The then-leadership of the New York Racing Association missed numerous opportunities to realize too much money was being withheld from some wagers in 2010-2011, according to a the state inspector general.
Inspector General Catherine Leahy Scott found that over a 15-month period, NYRA improperly retained more than $7 million that should have been paid out to bettors.
Scott on Monday released the results of an investigation into the 2012 takeout scandal which faulted former CEO Charles Hayward and General Counsel Patrick Kehoe, among others. Both were fired by the NYRA board over the scandal in May 2012.
After the scandal, NYRA was able to identify bettors and repay only $611,604, the report found.
The results of the investigation were released just two days after NYRA had one of biggest days of the year, with the running of the Travers Stakes at Saratoga Race Course ending in a photo finish win by a long-shot V.E. Day.
Nearly $40 million was bet on Saratoga races on Saturday. NYRA oversees thoroughbred horse racing at the Saratoga, Belmont and Aqueduct race tracks.
“Patrons of New York’s gaming industry must feel secure and trust that those operating horse racing in our state are doing so competently and within the parameters of the law,” Scott said. “Unfortunately, what occurred undermined that trust because NYRA took earnings away from bettors that were rightfully theirs.”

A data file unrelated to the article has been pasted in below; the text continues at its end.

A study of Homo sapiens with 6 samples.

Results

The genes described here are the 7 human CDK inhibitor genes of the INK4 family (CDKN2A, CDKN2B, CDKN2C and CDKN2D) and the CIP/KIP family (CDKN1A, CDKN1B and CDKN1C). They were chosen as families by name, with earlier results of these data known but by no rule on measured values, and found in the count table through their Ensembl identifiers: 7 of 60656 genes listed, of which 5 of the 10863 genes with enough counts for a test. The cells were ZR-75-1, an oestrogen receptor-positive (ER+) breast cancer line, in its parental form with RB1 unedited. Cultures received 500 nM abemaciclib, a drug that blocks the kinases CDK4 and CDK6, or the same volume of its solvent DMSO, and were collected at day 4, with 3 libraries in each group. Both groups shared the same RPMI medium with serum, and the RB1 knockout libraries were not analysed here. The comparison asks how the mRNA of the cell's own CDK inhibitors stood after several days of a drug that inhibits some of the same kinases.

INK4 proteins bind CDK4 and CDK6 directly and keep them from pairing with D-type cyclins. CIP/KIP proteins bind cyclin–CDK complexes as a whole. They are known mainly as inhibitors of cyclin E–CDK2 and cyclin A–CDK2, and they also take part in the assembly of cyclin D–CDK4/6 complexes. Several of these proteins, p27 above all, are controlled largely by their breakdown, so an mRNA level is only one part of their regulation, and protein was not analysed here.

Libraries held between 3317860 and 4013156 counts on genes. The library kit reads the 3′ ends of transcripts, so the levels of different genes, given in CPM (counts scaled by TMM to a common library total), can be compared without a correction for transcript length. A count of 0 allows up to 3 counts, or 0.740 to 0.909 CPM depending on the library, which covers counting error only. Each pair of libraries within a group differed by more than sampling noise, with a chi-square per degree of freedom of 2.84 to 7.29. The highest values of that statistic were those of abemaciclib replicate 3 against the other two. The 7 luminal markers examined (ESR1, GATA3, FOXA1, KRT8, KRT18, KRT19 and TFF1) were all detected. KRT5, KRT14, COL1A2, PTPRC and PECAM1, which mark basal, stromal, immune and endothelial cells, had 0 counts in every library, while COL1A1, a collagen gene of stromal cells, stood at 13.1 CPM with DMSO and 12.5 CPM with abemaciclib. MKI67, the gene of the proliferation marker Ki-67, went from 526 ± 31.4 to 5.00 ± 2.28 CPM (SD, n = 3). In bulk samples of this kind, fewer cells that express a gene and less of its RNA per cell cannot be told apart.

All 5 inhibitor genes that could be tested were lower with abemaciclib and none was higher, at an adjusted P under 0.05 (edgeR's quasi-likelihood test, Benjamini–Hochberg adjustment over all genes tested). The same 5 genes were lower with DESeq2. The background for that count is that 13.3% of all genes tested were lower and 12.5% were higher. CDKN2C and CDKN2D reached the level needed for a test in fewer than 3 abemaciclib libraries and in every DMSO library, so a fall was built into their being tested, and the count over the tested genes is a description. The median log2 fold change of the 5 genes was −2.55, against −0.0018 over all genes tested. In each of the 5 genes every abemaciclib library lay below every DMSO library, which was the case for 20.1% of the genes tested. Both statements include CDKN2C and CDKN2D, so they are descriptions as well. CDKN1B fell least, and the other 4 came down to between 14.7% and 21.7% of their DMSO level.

The specific problem stemmed from the expiration of a temporary state law that allowed NYRA — which at the time was in deep financial trouble — to withhold extra money on exotic wagers.
From September 2008 until September 2010, NYRA was allowed a 26 percent takeout on those wagers, instead of the previous 25 percent. But NYRA kept charging the 26 percent takeout until December 2011, despite expiration of the legislation.
The investigation found that NYRA officials didn’t track the pending expiration of the higher takeout, and then did nothing when the issue was pointed out.
“The inspector general found that members of NYRA’s legal team — notably [Kehoe] and legislative counsel and lobbyist William Crowell — did not notate or calendar that the takeout legislation would expire,” the inspector general’s report said.
The state Racing and Wagering Board and NYRA’s financial officers and auditors should also have realized the error and didn’t, the report found.
In August 2011, Scott said an avid bettor noticed the discrepancy and contacted a member of the media, who emailed Hayward. Hayward said the bettor was correct but defended the higher takeout; he later told investigators he hadn’t read the email completely.
Hayward and Kehoe were stripped of their duties over the matter in May 2012, and NYRA — which has frequently been accused of mismanagement — is now operating under a state-supervised board, with almost all the board membership and senior management replaced.
Current NYRA board Chairman David J. Skorton, who was not involved with NYRA at the time, said NYRA “is a far different organization than it was two years ago.”
Christopher Kay was brought in as CEO in 2013. “The new CEO has recruited a new executive team, including a new general counsel, a new chief compliance officer and other key executives with no connection to these events cited by the inspector general,” Skorton said in a written response to the report.
He said reporting and accountability improvements recommended by the Inspector General’s Office have already been implemented.
Skorton said it is important to protect the reputation of horse racing in New York, which he said has a $2.1 billion annual economic impact and creates more than 17,400 jobs.